One of the signs that Shavuos is coming is your craving for cheesecake is starting to overwhelm you. Cheesecakes should be smooth, thick, creamy and rich in texture and sweet and slightly tangy in taste. Sometimes though, they come out too fluffy, too heavy or even rubbery! With many years’ experience baking cheesecakes professionally, under my belt (literally!), I’m sharing the secrets to a perfect cheesecake!
The following are the basic steps to follow regardless of what ingredients your recipe calls for:
- All ingredients should be room temperature, including the eggs, to properly act as an emulsifier. Cut the bar of cream cheese into chunks and let them soften on the counter.
You can also use whipped cream cheese, but bar cream cheese is a better for proper texture. If you use a food processor, you can use ingredients straight from the fridge, as it incorporates less air into the mixture.
- Crusts should be baked at 325 degrees Fahrenheit/165 degrees Celsius. Mix graham cracker crumbs, melted butter, and a drop of sugar together and press firmly and evenly onto the bottom of a 9-inch springform pan. The bottom and sides of the pan should be greased to allow cake to rise and release evenly from the sides. Use the bottom of a glass or dry measuring cup to do so. For extra flavor, add a handful of chopped walnuts and a pinch or two of cinnamon to the crumbs.
Pre-baking helps to keep the crust intact and adds a crisp texture to complement the smooth custard filling. Bake for approximately 10 minutes or until beginning to brown around edges. Cool before filling. You can also freeze your crust, unbaked, until filling is done.
- Preheat oven (see below). Blend the sugar into the cheese before adding other ingredients to help smooth the cheese and remove any lumps. The mixture should be very smooth before adding other ingredients. This is very important. Add eggs one at a time, mixing on medium speed. Add the rest of the ingredients and mix well.
Do not over-beat the cheesecake batter. You want to aerate the batter, but not too much. Excessive beating can cause the cheesecake to puff up too much during baking then crack during the cooling process.
- You can either bake your cake in a hot oven 475 degrees Fahrenheit/240 degrees Celsius for about 10 minutes (if it browns too quickly, cover with parchment paper or foil), and then lower temp to 350 degrees Fahrenheit/180 degrees Celsius for about 50 minutes OR bake the entire time between 325 degrees Fahrenheit/160 degrees Celsius and 350 degrees Fahrenheit/180 degrees Celsius but use a water bath or bain-marie (a container holding hot water into which a pan is placed for slow cooking).
- To create a water bath, wrap the springform pan in two layers of heavy duty foil to prevent any water from seeping into the cheesecake. Place the pan into a larger pan that contains enough water to go up the sides of the spring form about 1 inch.
Alternately, you can put a large pan with water on the bottom of your oven. Either way, you’ll have a creamier and moister cake and the surface of the custard stays moist. Just like in a restaurant!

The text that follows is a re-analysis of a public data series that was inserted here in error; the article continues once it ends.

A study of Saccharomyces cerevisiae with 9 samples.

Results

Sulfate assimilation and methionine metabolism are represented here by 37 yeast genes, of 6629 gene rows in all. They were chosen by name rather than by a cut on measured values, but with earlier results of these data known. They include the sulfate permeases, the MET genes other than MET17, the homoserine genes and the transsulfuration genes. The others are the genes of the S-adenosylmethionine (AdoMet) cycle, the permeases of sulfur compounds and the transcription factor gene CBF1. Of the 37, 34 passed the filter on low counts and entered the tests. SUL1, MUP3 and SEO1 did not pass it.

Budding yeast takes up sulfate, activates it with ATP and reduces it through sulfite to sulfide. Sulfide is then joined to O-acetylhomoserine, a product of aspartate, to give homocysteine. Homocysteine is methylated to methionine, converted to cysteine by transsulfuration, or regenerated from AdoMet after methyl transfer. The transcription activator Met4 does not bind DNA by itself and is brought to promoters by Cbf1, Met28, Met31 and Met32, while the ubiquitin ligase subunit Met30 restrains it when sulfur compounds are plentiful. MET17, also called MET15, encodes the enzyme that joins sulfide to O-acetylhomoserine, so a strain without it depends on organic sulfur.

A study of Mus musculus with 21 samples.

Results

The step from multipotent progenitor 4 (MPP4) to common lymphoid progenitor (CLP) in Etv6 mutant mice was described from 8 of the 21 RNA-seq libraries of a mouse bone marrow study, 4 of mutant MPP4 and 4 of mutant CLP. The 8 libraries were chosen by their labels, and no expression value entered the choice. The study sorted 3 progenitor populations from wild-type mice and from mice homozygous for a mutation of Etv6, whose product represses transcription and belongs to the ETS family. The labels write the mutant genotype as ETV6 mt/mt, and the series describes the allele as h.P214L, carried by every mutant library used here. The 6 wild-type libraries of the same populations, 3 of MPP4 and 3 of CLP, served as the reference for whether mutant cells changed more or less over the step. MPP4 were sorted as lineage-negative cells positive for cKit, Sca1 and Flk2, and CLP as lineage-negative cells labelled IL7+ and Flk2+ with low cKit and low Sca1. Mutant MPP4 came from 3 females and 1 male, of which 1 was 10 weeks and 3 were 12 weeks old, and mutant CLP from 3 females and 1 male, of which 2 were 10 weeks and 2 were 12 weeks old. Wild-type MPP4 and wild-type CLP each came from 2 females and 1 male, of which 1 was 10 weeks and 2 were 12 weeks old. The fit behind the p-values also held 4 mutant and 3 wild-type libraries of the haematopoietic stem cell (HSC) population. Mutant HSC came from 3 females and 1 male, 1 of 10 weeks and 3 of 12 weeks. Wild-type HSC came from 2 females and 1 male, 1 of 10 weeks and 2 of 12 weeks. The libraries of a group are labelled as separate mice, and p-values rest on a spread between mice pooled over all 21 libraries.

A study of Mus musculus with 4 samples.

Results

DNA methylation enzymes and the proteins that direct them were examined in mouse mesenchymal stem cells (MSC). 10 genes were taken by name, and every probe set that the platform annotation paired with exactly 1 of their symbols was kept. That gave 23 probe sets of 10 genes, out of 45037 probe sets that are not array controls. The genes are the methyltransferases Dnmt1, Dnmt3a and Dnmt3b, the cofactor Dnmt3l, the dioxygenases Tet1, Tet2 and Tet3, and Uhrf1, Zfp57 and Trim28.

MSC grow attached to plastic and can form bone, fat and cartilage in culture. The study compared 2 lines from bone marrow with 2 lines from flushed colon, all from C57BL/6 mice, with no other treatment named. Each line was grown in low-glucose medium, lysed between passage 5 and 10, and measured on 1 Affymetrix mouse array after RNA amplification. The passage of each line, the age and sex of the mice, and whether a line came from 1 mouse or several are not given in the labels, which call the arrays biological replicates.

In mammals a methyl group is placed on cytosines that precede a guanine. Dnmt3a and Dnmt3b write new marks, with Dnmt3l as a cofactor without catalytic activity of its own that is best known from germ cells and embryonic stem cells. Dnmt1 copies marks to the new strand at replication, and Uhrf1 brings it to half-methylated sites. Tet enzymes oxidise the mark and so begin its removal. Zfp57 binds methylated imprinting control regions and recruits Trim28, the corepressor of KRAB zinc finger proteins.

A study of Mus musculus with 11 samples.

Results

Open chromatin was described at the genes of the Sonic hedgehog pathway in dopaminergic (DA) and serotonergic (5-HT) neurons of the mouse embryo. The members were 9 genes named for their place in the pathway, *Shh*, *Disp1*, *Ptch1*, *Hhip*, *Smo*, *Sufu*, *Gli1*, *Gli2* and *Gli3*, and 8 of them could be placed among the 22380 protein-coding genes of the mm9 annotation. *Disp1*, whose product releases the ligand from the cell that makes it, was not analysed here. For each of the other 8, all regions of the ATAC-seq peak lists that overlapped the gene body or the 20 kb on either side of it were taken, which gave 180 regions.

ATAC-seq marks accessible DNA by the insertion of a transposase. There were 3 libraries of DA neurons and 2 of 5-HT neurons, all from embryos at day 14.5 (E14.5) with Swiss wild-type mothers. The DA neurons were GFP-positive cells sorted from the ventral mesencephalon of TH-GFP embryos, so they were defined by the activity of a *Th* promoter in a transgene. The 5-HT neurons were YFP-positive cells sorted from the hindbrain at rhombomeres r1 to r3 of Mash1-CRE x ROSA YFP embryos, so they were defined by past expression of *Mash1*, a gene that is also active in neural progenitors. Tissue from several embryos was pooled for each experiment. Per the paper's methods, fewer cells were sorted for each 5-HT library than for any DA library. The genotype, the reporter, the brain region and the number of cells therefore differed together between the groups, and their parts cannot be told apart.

- Before baking (or after the first 10 minutes on high temp), run the point of a sharp knife between the cheesecake mixture and the side of the pan about 1/2–1 inch down. This will help prevent cracks. This should also be done after removing from the oven , but then run it completely down and around edges.
- Do not open the oven while baking. Drafts can cause cracks. To partially cool, turn the oven off after baking, and leave the cake there for another hour.
- The baking time in a recipe is just a guideline. A cheesecake is done when it is barely beginning to brown. The center should still be soft and jiggly. It firms up as it cools. Do not test, as you would a regular cake, with a sharp knife or toothpick in the center.
- Let cake completely cool before refrigerating for optimum results.
- To cut the cake, use unflavored dental floss or a sharp straight-edged knife. Dip in hot water, dry and slice. Clean after each cut.
- Cheesecake freezes well. Just be sure to wrap it as air-tight as possible. However, do not top or frost before freezing.
- The batter is lumpy?
Scrape the bowl often with a spatula to incorporate all the little bits of cream cheese. Ingredients must be room temperature to help prevent that from happening.
- Your crust is soggy or crumbly?
Prebaking the crust makes it stronger and firmer. Also pressing the crumbs firmly keeps the crust together.
- Your cheesecake cracks anyway?
Top with sour cream and sugar and bake an additional five minutes. Or drizzle with caramel topping and a sprinkle of candied pecans. Or top with blueberry/cherry pie filling.
- It’s hard to slice?
After it sets, it should be chilled at least three hours before slicing. Keep in the springform pan until ready to serve it.
A Note on Cheeses:
· If you use quark cheese, make sure it is drained well.
· Heavy cream or sour cream in the batter breaks up the heaviness of the cream cheese, giving the cake a smooth and creamy texture.
· Full fat dairy yields the best results, but you know I’ve baked with reduced fat dairy, used eggs- whites mostly, and less sugar, and we loved it!